Fullshare Holdings, a Nanjing-based property developer known for it astounding share price performance, announced this week that it has entered into agreement to buy GSH Plaza, a prime office building in Singapore’s Raffles Place for S$725.2 million ($512 million).
The Hong Kong-listed firm has signed a binding termsheet with a consortium led by GSH Properties Pte Ltd, a subsidiary of Singapore-listed GSH Corporation Limited, to buy the company that controls the 28-storey commercial building in Singapore’s banking district.
The purchase of the circa 1992 building is the latest in a series of large-scale commercial deals in Singapore. For Fullshare, the transaction is part of a string of large-scale acquisitions by the mainland firm. The deal also comes soon after the little-known developer saw its stock price rise by more than 2.5 times during the past year, catapulting its owner into the ranks of China’s richest people.
Fullshare Pays Full Price for Raffles Place Asset
Fullshare, which already has real estate projects in Australia and Canada, is picking up the Singapore building with the intent of using at least some of GSH Plaza’s 252,135 square feet (23, 424 square metres) of net lettable area for its own offices. The deal values the available office units in the building at approximately S$2,900 per square foot.
Plaza Ventures, the holding company for GSH Plaza, is 51 percent owned by GSH Properties, along with an investment vehicle belonging to GSH chairman . TYJ Group, an investment vehicle of GSH chairman Sam Goi and Vibrant DB2, an investment vehicle of Vibrant Group Limited and DB2 Group.
The consortium had acquired the building in 2014 from Keppel Land and Alpha Investment Partners for S$550 million, when it was still known as Equity Plaza. The group had been refurbishing the 28-year-old building as part of a program to market office units on a strata title basis. The building currently has 259 strata office units and two floors of retail space. The refurbished building is expected to obtain is temporary occupation permit during the first quarter of this year, according to an account in the Straits Times.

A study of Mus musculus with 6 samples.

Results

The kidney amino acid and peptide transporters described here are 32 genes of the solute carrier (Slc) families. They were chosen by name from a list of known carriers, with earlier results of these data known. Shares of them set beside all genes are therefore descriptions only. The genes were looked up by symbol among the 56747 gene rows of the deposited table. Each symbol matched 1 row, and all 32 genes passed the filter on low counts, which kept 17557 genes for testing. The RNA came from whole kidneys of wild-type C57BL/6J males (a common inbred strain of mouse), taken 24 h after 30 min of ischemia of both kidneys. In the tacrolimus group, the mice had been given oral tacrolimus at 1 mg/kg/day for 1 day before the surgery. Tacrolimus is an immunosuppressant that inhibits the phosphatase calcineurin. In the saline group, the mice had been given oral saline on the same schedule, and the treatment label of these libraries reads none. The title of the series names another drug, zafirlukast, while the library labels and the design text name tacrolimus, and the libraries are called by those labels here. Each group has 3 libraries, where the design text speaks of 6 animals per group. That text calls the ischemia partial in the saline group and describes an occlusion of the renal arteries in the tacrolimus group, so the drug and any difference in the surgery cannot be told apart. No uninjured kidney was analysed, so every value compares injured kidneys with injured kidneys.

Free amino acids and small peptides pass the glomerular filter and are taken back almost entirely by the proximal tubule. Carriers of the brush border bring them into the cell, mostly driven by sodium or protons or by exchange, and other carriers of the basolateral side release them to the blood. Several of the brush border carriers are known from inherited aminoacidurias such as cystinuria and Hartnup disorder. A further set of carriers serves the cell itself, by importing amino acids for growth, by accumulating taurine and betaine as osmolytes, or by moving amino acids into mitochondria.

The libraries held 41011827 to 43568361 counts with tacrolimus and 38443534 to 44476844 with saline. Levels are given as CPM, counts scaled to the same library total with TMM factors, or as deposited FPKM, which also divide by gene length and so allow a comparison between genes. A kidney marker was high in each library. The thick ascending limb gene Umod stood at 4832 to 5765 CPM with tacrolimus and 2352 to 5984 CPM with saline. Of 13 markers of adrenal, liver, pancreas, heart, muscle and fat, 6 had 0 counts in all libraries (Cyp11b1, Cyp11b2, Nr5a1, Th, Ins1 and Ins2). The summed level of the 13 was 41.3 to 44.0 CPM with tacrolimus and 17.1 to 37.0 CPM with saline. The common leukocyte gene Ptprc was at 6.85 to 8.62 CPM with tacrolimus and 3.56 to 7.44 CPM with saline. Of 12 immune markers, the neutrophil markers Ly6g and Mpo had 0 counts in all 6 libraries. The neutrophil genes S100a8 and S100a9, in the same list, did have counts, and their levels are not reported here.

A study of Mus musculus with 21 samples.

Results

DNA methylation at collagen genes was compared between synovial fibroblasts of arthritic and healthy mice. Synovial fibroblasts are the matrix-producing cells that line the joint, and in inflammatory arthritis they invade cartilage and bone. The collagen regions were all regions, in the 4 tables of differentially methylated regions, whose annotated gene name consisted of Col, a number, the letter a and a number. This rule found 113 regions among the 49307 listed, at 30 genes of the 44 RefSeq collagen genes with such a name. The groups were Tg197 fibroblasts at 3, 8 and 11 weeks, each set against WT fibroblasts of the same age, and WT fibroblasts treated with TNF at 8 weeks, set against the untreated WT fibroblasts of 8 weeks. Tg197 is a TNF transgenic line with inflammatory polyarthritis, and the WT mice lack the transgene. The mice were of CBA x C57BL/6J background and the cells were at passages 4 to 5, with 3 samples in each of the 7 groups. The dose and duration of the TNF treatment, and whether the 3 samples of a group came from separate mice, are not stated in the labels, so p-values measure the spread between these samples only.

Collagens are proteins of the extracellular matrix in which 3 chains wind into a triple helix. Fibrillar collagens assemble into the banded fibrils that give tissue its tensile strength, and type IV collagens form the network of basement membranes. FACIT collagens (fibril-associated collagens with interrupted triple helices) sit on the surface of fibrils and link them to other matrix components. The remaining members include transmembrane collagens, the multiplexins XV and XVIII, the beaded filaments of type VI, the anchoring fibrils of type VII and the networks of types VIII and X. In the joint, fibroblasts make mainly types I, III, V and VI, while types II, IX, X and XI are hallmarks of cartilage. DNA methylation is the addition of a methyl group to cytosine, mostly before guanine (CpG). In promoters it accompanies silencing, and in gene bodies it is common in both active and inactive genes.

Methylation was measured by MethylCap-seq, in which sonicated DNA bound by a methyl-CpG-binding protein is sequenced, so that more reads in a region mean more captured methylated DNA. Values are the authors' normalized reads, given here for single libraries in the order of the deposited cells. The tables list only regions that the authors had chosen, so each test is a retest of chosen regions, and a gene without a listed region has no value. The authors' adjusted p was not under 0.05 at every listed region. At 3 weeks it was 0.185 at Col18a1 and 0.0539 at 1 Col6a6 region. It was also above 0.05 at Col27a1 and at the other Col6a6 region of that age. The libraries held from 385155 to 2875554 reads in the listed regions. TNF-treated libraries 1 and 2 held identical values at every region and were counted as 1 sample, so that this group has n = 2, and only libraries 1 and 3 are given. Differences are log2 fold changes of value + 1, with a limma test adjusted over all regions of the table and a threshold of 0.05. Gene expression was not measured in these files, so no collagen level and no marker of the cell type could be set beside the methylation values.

Fullshare Continue Acquisition Streak
The Singapore commercial real estate transaction is the latest deal for billionaire Fullshare boss Ji Changqun, who was ranked by Forbes as China’s 25th richest man with a personal fortune of $4.3 billion.
Fullshare, which went public via a backdoor listing in 2013, has been an aggressive acquirer of assets following the stunning performance of the company’s thinly traded stock. Fullshare pulled off the biggest takeover deal in Hong Kong last year acquiring all of the issued shares of mainland wind power equipment maker China High Speed Transmission Equipment Group for HK$16.3 billion in September 2016.
Ji has been actively acquiring companies and real estate down under. Fullshare bought a chain of childcare centres in Australia for A$66 million in December, in addition to purchasing a Sheraton Hotel in Queensland and picking up the prestigious Red Hill Estate winery near Melbourne in April.
Singapore Deals Keep Coming
The deal for GSH Plaza is part of a burst of en bloc investment transactions in Singapore, as interest picks up in real estate assets in southeast Asia’s financial hub.
At the end of January Stanley Ho’s Shun Tak Holdings paid S$305 million ($216 million) to acquire a stake in TripleOne Somerset on Orchard Road from Singapore’s Perennial Real Estate Holdings and six other companies.
Also during January, an affiliate of Abu Dhabi sovereign fund ADIA invested $176 million in a Singapore joint venture with industrial developer Boustead, just weeks after CLSA Capital Partners bought a 35-storey office tower on 77 Robinson Road in downtown Singapore for $373 million.
Last year the Qatar Investment Authority bought Asia Square 1 in Singapore from Blackrock for $2.45 billion in one of the biggest commercial property transactions of last year.
These deals come as a surge of new buildings slated to open in 2017 puts downward pressure on the office rental market. Premium and Grade A office rents slid by 6.8 percent in the fourth quarter of 2016 compared to the same period last year, according to Colliers International, with many analysts predicting that the market for commercial rentals in the city may be bottoming out.